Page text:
Rita Moreno, 89, Says 'F--- Them' to Critics of Her Provocative Style: 'You Can Dress Any Damn Way You Please'
The EGOT-winner looks back on her life and career in her new documentary Rita Moreno: Just a Girl Who Decided to Go for It
Rita Moreno is reflecting on some of her past fashion moments with a modern perspective.
In her new documentary Rita Moreno: Just a Girl Who Decided to Go for It, the iconic EGOT-winner opens up about being cast as a sex symbol early on in her career — and shared how societal norms during the height of her career in the 1950s and '60s impacted the situation in an interview with Yahoo News about the upcoming film.
"The truth is, it never occurred to me not to withstand it," Moreno, now 89, told the outlet of the abuse and unwanted attention she received from men in the industry. "I figured, and I was right, that that was how Hollywood was run and how it functioned. And I just went with the flow, as they say, not happily."
The West Side Story star went on to say that her experiences caused her to seek psychotherapy, which was "probably the best favor I ever did myself."
Moreno also told Yahoo News that she hated her "sex object" status, but that didn't stop her from dressing provocatively.
"And here's the truth, and this is something I didn't mention [in the film] only because I didn't think about it. I would dress up in a very, very provocative way. I always wore tight, tight little dresses with my cute little bum," she said. "Too much makeup, usually. And the earrings and stuff, and I somehow never acknowledged that that wasn't helping."
But with the benefit of hindsight, the star said, it shouldn't have made a difference what she wore — the treatment she received was never warranted. "As the #MeToo movement would say right now: 'Well, f---- them!" she said. "You can dress any damn way you please. You can wear as many loop earrings, and as low-cut a neck as you want, and that's also true."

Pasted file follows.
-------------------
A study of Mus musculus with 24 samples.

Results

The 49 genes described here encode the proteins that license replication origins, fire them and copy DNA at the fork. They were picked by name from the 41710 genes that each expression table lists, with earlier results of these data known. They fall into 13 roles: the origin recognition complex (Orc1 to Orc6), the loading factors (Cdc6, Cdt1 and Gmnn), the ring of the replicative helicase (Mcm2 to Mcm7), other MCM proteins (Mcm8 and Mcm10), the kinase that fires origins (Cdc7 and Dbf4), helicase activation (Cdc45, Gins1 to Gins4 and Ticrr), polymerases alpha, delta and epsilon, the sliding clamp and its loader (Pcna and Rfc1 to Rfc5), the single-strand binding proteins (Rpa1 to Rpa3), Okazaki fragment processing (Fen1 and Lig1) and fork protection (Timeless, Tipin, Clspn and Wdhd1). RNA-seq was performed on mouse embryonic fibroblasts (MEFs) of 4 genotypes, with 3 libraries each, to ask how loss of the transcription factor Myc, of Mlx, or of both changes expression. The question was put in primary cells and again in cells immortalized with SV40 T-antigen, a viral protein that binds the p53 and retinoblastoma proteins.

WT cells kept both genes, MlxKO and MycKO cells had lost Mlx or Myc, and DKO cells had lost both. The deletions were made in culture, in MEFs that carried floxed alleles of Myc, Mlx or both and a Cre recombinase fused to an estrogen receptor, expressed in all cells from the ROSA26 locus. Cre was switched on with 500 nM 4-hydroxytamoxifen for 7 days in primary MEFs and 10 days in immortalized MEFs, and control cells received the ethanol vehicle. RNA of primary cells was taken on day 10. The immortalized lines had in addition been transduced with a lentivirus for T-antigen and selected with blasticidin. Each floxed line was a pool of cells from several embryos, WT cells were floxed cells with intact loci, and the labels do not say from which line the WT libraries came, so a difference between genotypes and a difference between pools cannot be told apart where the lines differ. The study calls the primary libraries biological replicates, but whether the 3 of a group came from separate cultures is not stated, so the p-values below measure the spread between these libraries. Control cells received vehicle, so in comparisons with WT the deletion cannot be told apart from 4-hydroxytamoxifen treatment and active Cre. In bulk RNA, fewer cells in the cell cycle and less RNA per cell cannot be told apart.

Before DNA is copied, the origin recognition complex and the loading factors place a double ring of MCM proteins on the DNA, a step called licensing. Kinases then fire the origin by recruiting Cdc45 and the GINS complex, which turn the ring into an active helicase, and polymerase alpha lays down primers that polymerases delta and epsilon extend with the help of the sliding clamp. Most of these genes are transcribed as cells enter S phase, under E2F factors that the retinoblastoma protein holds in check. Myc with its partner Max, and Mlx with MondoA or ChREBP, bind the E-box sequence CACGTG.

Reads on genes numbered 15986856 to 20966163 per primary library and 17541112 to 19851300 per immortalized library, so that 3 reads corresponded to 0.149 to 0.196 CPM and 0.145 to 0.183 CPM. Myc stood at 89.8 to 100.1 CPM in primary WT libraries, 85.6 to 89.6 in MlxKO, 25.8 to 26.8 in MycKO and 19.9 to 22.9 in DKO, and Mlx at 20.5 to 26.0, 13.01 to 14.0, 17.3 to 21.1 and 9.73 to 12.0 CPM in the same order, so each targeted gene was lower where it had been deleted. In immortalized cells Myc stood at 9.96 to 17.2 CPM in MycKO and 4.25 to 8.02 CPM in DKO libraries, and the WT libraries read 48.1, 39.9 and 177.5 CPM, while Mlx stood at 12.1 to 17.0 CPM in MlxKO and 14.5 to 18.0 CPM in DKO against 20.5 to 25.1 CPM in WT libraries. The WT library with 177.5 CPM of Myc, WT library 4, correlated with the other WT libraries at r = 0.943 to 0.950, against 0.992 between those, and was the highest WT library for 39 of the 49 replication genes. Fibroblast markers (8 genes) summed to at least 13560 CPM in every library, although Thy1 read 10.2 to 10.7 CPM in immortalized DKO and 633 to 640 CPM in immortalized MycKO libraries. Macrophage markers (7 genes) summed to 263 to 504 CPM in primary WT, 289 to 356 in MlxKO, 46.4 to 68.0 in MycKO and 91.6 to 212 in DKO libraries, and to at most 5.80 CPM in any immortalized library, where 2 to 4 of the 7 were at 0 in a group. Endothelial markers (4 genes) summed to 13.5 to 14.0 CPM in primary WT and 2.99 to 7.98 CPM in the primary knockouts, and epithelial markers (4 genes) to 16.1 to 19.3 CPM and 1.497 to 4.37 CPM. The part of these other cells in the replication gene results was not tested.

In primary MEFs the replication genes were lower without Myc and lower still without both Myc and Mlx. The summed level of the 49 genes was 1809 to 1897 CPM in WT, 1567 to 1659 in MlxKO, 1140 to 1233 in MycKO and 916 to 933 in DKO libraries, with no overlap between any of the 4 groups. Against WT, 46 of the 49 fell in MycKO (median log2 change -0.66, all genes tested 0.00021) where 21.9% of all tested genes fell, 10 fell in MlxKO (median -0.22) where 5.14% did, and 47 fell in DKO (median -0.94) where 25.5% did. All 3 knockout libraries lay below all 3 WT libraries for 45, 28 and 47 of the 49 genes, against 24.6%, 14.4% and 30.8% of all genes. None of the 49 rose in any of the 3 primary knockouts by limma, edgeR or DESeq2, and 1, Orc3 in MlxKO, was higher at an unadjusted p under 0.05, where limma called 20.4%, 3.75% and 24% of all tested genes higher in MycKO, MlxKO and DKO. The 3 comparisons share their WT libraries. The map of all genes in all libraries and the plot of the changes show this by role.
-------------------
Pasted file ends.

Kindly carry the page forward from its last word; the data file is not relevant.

Ahead of the film, Moreno told PEOPLE she has no plans to slow down or retire anytime soon.
"I'm still active and still working," she said. "I worry and stress a lot less now because I'm so grateful," she said. "I stop and smell the roses."
In addition to taking audiences through her most recognizable work in hit films like West Side Story (1961) and Singin' in the Rain (1952), along with her work on television in The Electric Company and Netflix's One Day at a Time, the film, directed by Mariem Pérez Riera, touches on Moreno's past traumas: being raped by her agent early in her career, her volatile relationship with Marlon Brando which led to a suicide attempt in 1961, and the unhappiness she felt in her 45-year marriage to cardiologist Leonard Gordon, who died in 2010.
Moreno said she was "amazed" by the finished cut, including some of the personal stories she shared herself.
"I made a promise to myself that if I was going to do this, I was going to be as truthful as possible," she shared. "And that promise was tested. There are things that I told that surprised me."